Justin Delgado is husband to Kacie Doyle-Delgado, diagnosed at age 11. After more than a decade together, he considers himself to be an expert carb counter and Dexcom inserter. He graduated with his Master of Science in Finance from the University of Utah in 2013 and has been working in commercial banking since then. He attended his first Friends for Life conference in 2015 and is looking forward to volunteering with the teens.
November 24, 2004
Mental Health, Other
Question from Egg Harbor City, New Jersey, USA:
I am very embarrassed to say that I am a DCCT-EDIC participant, because my A1c has been running anywhere from 9.0 to 11.0 lately. I am 47 years old and developed type 1 diabetes at age 10. During the DCCT, I delivered two healthy babies who are now 16 and 11. My doctors told me how much they admired me for my dedication to the intensive therapy program. My A1cs at that time were 6.5 to 7. Of course, they switched me from standard therapy right away upon learning of my pregnancies. A year ago I had a major heart attack, and had a silent heart attack as well. Since then, it seems as if everything is going wrong. I suffer from obesity, depression, sleep apnea, diabetic neuropathy, chronic sinusitis, severe neck and lower back pain, asthma, and also take medications for high blood pressure, high cholesterol, acid reflux, water retention, angina, etc. I've almost given up, and some days wish I'd never survived. My beautiful, loving children, husband, parents, and brothers are the only reasons I'm still here. Can you tell me what to do to take control of my life (and blood sugars) again?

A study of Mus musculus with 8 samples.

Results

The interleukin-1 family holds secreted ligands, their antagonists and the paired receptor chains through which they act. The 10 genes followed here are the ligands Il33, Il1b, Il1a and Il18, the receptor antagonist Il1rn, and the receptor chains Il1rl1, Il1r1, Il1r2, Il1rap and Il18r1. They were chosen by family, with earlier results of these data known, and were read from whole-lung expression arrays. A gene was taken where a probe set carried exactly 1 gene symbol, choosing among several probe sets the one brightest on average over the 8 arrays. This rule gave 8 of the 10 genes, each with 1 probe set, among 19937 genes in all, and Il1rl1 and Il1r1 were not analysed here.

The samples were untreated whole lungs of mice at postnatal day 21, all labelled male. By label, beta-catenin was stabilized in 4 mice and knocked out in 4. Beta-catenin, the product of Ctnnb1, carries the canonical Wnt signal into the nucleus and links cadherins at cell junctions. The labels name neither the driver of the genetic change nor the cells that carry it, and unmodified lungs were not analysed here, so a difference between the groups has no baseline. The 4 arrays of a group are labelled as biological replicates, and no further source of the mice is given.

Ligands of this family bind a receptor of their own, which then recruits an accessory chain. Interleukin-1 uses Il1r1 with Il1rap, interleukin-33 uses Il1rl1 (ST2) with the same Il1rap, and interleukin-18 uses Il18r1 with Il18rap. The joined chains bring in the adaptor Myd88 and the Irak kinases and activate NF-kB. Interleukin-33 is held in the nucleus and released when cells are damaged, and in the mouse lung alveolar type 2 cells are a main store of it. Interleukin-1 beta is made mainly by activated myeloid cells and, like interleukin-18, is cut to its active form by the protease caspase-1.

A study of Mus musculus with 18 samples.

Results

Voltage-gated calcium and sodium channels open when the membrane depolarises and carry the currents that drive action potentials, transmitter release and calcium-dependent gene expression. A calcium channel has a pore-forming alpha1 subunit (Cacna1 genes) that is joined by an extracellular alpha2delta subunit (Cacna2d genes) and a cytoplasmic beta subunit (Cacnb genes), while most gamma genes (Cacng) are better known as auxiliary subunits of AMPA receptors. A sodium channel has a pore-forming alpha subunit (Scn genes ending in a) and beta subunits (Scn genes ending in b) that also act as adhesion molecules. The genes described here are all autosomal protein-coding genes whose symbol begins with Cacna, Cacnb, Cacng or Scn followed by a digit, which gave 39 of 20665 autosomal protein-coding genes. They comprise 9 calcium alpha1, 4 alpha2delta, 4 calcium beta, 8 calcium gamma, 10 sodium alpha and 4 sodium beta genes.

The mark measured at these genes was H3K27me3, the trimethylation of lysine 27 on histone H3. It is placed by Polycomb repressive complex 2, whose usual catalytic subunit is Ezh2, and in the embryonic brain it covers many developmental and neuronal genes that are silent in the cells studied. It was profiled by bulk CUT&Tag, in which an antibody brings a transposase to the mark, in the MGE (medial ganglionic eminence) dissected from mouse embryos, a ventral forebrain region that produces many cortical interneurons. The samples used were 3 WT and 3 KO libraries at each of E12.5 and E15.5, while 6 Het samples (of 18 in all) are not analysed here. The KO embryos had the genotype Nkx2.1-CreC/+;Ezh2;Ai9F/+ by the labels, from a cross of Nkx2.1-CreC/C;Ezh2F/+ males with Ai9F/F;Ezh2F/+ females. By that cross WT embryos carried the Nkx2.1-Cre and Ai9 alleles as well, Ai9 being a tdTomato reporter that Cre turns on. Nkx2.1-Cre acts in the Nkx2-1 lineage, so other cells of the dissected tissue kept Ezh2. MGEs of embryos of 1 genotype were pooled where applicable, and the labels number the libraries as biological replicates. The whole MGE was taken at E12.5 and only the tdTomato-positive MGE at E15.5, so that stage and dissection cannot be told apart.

Please hang in there. The whole diabetes community is grateful to your participation in the DCCT. It has left us a legacy of information and a model for clinical studies. Don’t give up. It sounds like a lot of things have come together against you. You have to live one day at a time. The problems you describe are not going to all get better in one day. However, they do deserve an effort that begins each day with doing the right thing. Just like the diabetes, good control and a modified lifestyle will help. The things you listed are all treatable. You do have choices. Find some support. Whether this is a family member, counselor, friend, minister, or psychiatrist, find someone who can help you through this time. You sound depressed and may need more support in this area. There is no one thing that will make it all better. However, your family loves you and wants you to do the right thing for your health. I do, too.